When Can You Sue Your Fertility Doctor For Malpractice?

If you and your spouse are struggling with fertility issues while wishing for a child of your own, you're not alone -- it's estimated that more than 16 percent of Canadian couples have some type of diagnosed infertility. With recent advances in reproductive technology, your desire for a biological child may be within reach. However, these technologies often come hand-in-hand with potential medical complications; and recently, several fertility physicians have come under fire for engaging in what some would call unethical behavior. Read on to learn more about the situations in which you may have a malpractice claim against your fertility specialist or reproductive physician. 

What types of fertility-related malpractice are most common?

In general, medical malpractice refers to the breach of a duty of care by a physician, nurse, or other care provider. To prove that you've been the victim of malpractice, you'll need to establish that the physician owed you a duty of care, and that the physician's actions constituted a breach of that duty. To recover financial compensation, you'll also need to demonstrate that the physician's actions (or inaction) caused you to suffer financial harm or cost you money.

Several recent public fertility malpractice cases include the case of American "Octomom" Nadya Suleman, whose physician implanted a whopping 12 embryos instead of the industry-standard two or three (source). As a result, Ms. Suleman was forced to undergo a tremendous strain not only on her body, but on her finances and mental health after carrying and delivering eight babies. Due to their small size, several of these octuplets continue to suffer from delays in motor skills and neurological function. This physician has since lost his license to practice medicine, and settled with Ms. Suleman for an undisclosed amount.

Although not all malpractice cases are quite so shocking or spectacular, over-implantation can be common -- leading to the birth of twins or triplets when you were only expecting one baby. Another potential complication of fertility treatment is the risk of a false negative on a pregnancy test. In some situations, doctors who believe their patients are no longer pregnant will advise the cessation of any fertility drugs. If this advice is based on a false negative pregnancy test, you may suffer a miscarriage or permanent harm to your baby after you stop taking these drugs.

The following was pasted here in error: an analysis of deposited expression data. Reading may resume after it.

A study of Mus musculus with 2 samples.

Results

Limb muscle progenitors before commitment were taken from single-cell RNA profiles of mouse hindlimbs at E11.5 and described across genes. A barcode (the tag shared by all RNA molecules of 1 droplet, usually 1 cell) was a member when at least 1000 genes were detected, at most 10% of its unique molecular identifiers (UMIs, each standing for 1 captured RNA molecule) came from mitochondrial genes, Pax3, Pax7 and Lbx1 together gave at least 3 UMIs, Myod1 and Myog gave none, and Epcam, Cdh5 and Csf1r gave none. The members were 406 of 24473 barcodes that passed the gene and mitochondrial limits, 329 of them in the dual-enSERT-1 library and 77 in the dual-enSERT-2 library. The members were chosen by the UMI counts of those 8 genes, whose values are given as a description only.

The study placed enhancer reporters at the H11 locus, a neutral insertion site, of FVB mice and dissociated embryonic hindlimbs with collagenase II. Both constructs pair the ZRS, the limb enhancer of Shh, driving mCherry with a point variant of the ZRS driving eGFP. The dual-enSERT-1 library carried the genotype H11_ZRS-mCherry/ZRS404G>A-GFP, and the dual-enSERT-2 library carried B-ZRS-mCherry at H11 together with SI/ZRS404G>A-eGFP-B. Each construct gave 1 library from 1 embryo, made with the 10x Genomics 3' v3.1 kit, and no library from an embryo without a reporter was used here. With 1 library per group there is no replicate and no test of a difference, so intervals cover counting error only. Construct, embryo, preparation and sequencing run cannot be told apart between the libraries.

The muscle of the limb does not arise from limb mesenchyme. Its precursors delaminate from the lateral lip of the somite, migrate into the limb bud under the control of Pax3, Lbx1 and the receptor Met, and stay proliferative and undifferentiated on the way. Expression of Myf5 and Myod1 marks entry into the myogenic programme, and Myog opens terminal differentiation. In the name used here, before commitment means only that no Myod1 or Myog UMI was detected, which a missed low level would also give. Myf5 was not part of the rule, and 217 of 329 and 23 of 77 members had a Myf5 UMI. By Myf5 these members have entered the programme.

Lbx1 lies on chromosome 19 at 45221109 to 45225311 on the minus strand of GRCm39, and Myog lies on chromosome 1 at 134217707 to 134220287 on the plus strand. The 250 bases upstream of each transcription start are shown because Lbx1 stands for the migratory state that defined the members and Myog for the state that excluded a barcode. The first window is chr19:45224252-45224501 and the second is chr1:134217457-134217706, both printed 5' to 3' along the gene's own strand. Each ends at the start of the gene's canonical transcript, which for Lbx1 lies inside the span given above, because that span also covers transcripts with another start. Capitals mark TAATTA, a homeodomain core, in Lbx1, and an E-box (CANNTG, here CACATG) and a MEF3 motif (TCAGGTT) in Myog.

What should you do if you believe you have a malpractice claim?

In either of the above situations, you should be able to demonstrate that your doctor breached the necessary standard of care and that this breach caused you physical, emotional, and financial injury.

If your situation is more nuanced, you should consult a personal injury lawyer or medical malpractice attorney. This attorney will be able to evaluate the facts of your specific situation to let you know whether you have a cognizable claim against your doctor, nurses, or the hospital in general. Your attorney will also be able to let you know what types of documentation you should be collecting, and whether you or your spouse will need to testify about the effect your doctor's action (or inaction) has had on your daily life.

Depending upon the severity of the malpractice claim, you may be able to choose to go through a court trial or take the case to mediation. There can be tactical advantages to either method, which your attorney should be able to clearly explain. Generally, if you feel your case is unusual enough to change the status of Canadian law, or you feel you would be sympathetically portrayed by the media, it might be worthwhile to file the case in court and create legal precedent. If you feel your case is less "flashy," you may be able to achieve your goals through mediation.